Comfort Zone Advisory Panel Animal Advocate, Hannah Shaw

Moving is a stressful time. Packing up the house, lifting heavy boxes, parting with items that won’t be making the trek, and saying goodbye to friends and neighbors can take a physical and emotional toll. But while preparing to move my entire life 3,000 miles from Washington DC to California this summer, I wasn’t just thinking about the stressors that would be impacting me personally—I was also coming to terms with the fact that my three cats would be experiencing that stress right along with me.

As a kitten rescuer and humane educator, I know first-hand how much minor changes in routine and environment can affect our pets’ wellbeing – let alone a stressful life event like a cross-country move. We may tell them not to worry, or provide them with an epic monologue about the great life that lies ahead…but ultimately, we all know cats are far from fluent in our language. Although cats may not have a great comprehension of the spoken word, that doesn’t mean we can’t communicate with them in other ways to convey comfort and positivity during times of transition! By using reassuring body language and vocal tone, providing a stable environment during the move, and using calming pheromone products, we can let our feline friends know that everything will be just fine.

Cats have unique facial pheromones which communicate feelings of safety and ownership. Just like cats can’t comprehend our words, we can’t perceive the chemicals they emit—but if you’ve ever noticed your cat rubbing the side of her cheek against items in your home (or if you’re lucky, against you!) then you’ve seen a cat marking her zone with facial pheromones. When sniffed, the cat is filled with a confidence that tells them: this is my safe space—my home.

When the cat’s home is under threat, one of the best things we can do is communicate stability to them in a language that they can understand. Based on my past moving experience, I knew that my cats would have a hard time with the move and transition. Cats like my shy girl Eloise can become extremely distressed as they watch their treasured possessions disappear into boxes; without support, Eloise is prone to physical tension and stress behaviors like hiding and growling. Knowing that she has anxiety about change, it was very important to me to plan ahead and address these stress behaviors preventatively so that my cats can go through the experience as calm as possible. This time, I was able to get ahead of the game, thanks to Comfort Zone® products. Before starting to pack up the house, my first step was to plug in my Comfort Zone® calming diffusers. The diffusers fit right into any outlet in the home and mimic a cat’s natural pheromones, which creates a soothing, peaceful environment. When used in conjunction with other stabilizing factors such as behavioral routines and familiar objects, they can play a major role in easing stress during times of change.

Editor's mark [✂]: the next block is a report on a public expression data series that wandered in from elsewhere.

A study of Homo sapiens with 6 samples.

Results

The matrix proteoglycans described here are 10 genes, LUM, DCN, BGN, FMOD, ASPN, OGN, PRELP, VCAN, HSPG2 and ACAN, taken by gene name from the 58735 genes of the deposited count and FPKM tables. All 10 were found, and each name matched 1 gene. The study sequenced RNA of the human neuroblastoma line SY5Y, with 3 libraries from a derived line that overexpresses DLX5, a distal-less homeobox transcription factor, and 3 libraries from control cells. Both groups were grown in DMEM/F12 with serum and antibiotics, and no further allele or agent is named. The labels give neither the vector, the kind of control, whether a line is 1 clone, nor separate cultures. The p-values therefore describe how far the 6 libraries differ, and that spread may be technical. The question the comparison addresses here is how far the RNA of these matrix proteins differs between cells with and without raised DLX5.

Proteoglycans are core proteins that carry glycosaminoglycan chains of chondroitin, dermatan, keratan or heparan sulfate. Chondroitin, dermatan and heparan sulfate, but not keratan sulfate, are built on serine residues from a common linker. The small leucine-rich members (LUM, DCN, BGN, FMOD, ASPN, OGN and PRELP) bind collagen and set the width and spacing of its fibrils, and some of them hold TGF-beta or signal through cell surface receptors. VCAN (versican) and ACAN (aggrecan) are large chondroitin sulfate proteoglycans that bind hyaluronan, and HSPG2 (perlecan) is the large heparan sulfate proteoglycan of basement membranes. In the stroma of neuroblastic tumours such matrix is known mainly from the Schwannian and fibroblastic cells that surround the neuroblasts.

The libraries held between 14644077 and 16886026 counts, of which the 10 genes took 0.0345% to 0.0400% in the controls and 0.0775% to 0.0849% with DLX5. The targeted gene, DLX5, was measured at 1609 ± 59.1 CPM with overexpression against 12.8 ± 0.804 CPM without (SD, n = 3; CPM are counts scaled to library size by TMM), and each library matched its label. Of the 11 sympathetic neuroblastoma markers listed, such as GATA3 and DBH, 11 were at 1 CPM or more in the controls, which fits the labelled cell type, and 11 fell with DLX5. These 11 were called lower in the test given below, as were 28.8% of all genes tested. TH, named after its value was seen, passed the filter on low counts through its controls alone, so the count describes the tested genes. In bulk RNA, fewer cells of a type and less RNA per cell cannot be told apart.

As furniture and boxes began disappearing into the moving van, I staged the home with a full set up of all the cats’ favorite things: cat beds, soft blankets, enrichment items, scratchers, and tons of toys. I also set out a new item—travel carriers—to help them get accustomed in anticipation of our trip. As a finishing touch, I spritzed their carriers, beds and blankets with the Comfort Zone® Calming Spray. Immediately, the cats began sniffing the items—and Haroun even went inside of the carrier for the first time and took a little nap! Even as the home became barren, I continued with their standard playtime, treats, and cuddles to establish a stable routine during the move. Before departing for our trip, I refreshed their carriers with the calming sprays to help them feel at ease even during our cross-country escapade.

The stress of a move doesn’t end upon arrival in the new destination; cats are likely to feel confused, lost and even scared in an unfamiliar territory. As cats cope with the insecurity of a new and unfamiliar space, they can engage in stress behaviors like hiding, fighting, or even territorial marking. By setting up the new space with familiar items and smells, we can help them understand that they are in a place that is rightfully theirs. Yes, I’ll admit that I do still give my cats pep talks about their new home—but I know at the end of the day the real communication happens by talking to them in a language they comprehend. With a little help from their favorite toys and treats, some gentle chin scratches, and the silent language of feline pheromone products, they’re quickly learning that they are right where they belong: safe at home.

Payment has been provided in exchange for this review, but the opinions and observations are mine.